Victims of Juvenile Crimes
As a criminal defense attorney who practices in juvenile court in Tampa, FL, I am often asked about the victim’s rights while the case is pending in juvenile court.
In some cases, including sexual misconduct cases, a parent might have one child accused of a crime while another family member is the alleged victim. Parents often have a difficult time dealing with the problems that come along with protecting their children and family during the process.
The State Attorney’s Victim Assistance / Domestic Violence Program was established to provide comprehensive services to the alleged victims of crime.
The State Attorney’s Office will often send an “investigative subpoena” or “witness subpoena” to the victim or their parents, asking them to appear at the State Attorney’s Office to discuss the facts of the case. This meeting is often called the “invest.”
During the meeting, the Assistant State Attorney will talk with the alleged victim about the facts of the case to determine whether the State Attorney’s Office should prosecute it.
The witness subpoena is often called an “investigative subpoena, ” meaning no court date is involved. The subpoena orders the victim to appear to give truthful testimony in a pending and undetermined matter in which the office of the State Attorney is conducting an investigation.
Failure to comply with the subpoena might subject the victim to penalties that the court can impose. Although the victim has the right to be represented by an attorney, if the victim is not also suspected of committing a crime, the victim probably does not need an attorney.
The victim of a juvenile crime generally has the following rights:
- Police Reports: The victim of a juvenile crime has a right to receive a copy of the police report from law enforcement. However, the victim is required to maintain the confidential nature of the information in the report.
- State Attorney Recommendation: The Department of Juvenile Justice will provide a recommendation to the State Attorney’s Office regarding how the case should be handled. If DJJ recommends that the State Attorney’s Office not proceed with filing a delinquency charge, the victim has the right to be notified about this recommendation. If the victim disagrees with the recommendation, the victim has the right to tell the State Attorney within ten (10) days of the notice.
- Court Hearings: The alleged victim has the right to attend court hearings and to have advance notice of those hearings.
- No Contact Orders: Even for a victim of a crime when the crime is not included on the list of violent crimes listed above, the victim can still request that the judge order the youth to stay away from the victim or the victim’s siblings for the length of time that the youth is under the supervision of the Department of Juvenile Justice.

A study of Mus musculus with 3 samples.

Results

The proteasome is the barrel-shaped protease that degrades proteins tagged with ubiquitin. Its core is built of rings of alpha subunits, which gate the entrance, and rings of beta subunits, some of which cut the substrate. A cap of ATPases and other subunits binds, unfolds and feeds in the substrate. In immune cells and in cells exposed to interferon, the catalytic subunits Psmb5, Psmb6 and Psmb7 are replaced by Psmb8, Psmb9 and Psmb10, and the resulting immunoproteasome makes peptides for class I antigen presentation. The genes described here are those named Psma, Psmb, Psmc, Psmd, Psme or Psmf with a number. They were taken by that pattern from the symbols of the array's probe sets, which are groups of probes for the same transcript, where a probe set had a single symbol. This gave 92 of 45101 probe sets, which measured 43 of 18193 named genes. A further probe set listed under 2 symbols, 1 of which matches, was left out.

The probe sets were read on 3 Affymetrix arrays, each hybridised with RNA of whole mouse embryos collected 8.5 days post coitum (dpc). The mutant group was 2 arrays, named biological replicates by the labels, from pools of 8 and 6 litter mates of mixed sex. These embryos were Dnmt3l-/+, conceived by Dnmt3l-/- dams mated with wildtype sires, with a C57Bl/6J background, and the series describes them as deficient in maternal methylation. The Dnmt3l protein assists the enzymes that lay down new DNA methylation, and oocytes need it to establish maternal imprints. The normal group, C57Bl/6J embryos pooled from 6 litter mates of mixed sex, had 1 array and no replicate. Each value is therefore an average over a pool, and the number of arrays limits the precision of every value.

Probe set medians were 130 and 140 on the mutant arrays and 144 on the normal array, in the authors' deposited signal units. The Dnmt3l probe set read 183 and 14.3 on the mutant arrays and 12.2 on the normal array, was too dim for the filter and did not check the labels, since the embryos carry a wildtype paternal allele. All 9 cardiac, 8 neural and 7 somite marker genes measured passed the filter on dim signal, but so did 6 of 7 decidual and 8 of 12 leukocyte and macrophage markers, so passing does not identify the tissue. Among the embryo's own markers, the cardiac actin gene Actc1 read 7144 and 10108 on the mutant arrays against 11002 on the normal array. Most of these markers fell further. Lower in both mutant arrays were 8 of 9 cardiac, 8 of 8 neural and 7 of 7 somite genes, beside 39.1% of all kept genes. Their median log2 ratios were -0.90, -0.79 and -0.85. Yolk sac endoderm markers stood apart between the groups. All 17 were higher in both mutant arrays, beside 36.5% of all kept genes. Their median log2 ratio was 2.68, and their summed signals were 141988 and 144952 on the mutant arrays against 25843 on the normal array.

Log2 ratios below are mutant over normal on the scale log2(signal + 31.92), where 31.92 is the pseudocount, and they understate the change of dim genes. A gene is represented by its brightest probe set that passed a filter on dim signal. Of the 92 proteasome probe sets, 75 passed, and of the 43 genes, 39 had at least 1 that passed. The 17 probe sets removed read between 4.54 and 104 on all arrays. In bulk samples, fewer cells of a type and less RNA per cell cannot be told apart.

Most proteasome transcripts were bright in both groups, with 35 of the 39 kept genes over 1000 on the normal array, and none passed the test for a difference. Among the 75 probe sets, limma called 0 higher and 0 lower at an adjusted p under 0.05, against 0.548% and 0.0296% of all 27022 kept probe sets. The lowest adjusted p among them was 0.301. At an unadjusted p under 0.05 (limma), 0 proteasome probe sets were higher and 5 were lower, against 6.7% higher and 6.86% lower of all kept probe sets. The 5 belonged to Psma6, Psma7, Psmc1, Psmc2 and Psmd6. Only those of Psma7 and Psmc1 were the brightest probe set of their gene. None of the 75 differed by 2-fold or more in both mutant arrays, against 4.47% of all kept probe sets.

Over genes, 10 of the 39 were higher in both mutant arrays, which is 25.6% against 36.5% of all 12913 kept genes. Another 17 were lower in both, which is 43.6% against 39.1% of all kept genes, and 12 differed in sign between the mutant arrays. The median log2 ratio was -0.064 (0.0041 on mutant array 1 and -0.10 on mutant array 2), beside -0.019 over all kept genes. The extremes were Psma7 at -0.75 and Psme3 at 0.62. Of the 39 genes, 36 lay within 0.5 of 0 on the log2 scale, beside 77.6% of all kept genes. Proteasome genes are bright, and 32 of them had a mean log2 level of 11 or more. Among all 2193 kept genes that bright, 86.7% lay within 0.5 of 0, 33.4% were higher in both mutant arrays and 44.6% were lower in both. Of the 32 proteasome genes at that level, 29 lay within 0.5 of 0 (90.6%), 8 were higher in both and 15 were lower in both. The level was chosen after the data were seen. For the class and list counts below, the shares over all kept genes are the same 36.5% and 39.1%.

- Notification: The victim of the following crimes listed below has the right to be notified of the offender’s release from juvenile detention or residential commitment (and the victim has the right to waive this notification in writing):
- Homicide under Chapter 782;
- Felony Sexual Offense under Chapter 794;
- Attempted murder or sexual offense under Chapter 777;
- Stalking under 784.048; or
- Domestic Violence under 25.385.
What if the Accused Juvenile and Victim Attend the Same School?
What happens if the child accused of a crime attends the same school as the alleged victim for any violent felony offense?
If the alleged victim and the accused attend the or ride the same bus as the youth charged with a violent felony (listed below), the offender, if found delinquent in court, will be moved to another school.
Or, if a sibling of the victim goes to the same school or rides the same school bus as the youth charged with the crime, the offender will be moved to a different school.
The Department of Juvenile Justice will notify the school district if the youth is found delinquent. The victim may decide it is okay for the offender to go to the same school. If this is the case, they should let the court know. The court may keep the offender at the school if the school has tried in every way possible to move the offender but is not able to move him or her.
The order might stay in effect as long as the victim or their siblings are in the school system. Those violent felony offenses include:
- homicide as defined in Florida Statutes, Chapter 782;
- assault, battery, and culpable negligence defined in Florida Statute, Chapter 784;
- kidnapping, false imprisonment, luring or enticing a child, and custody offenses defined in Florida Statutes, Chapter 787;
- sexual battery defined in Florida Statute Chapter 794;
- lewdness and indecent exposure defined in Florida Statute Chapter 800;
- robbery defined in Florida Statute Section 812.13;
- robbery by sudden snatching defined in Florida Statute Section 812.133; and
- home invasion robbery defined in Florida Statutes Section 812.135.
Contact a criminal defense attorney for juvenile court in Tampa, FL, to find out more about the juvenile justice system in Hillsborough County. Call (813) 250-0500.
This article was last updated on Friday, August 18, 2023.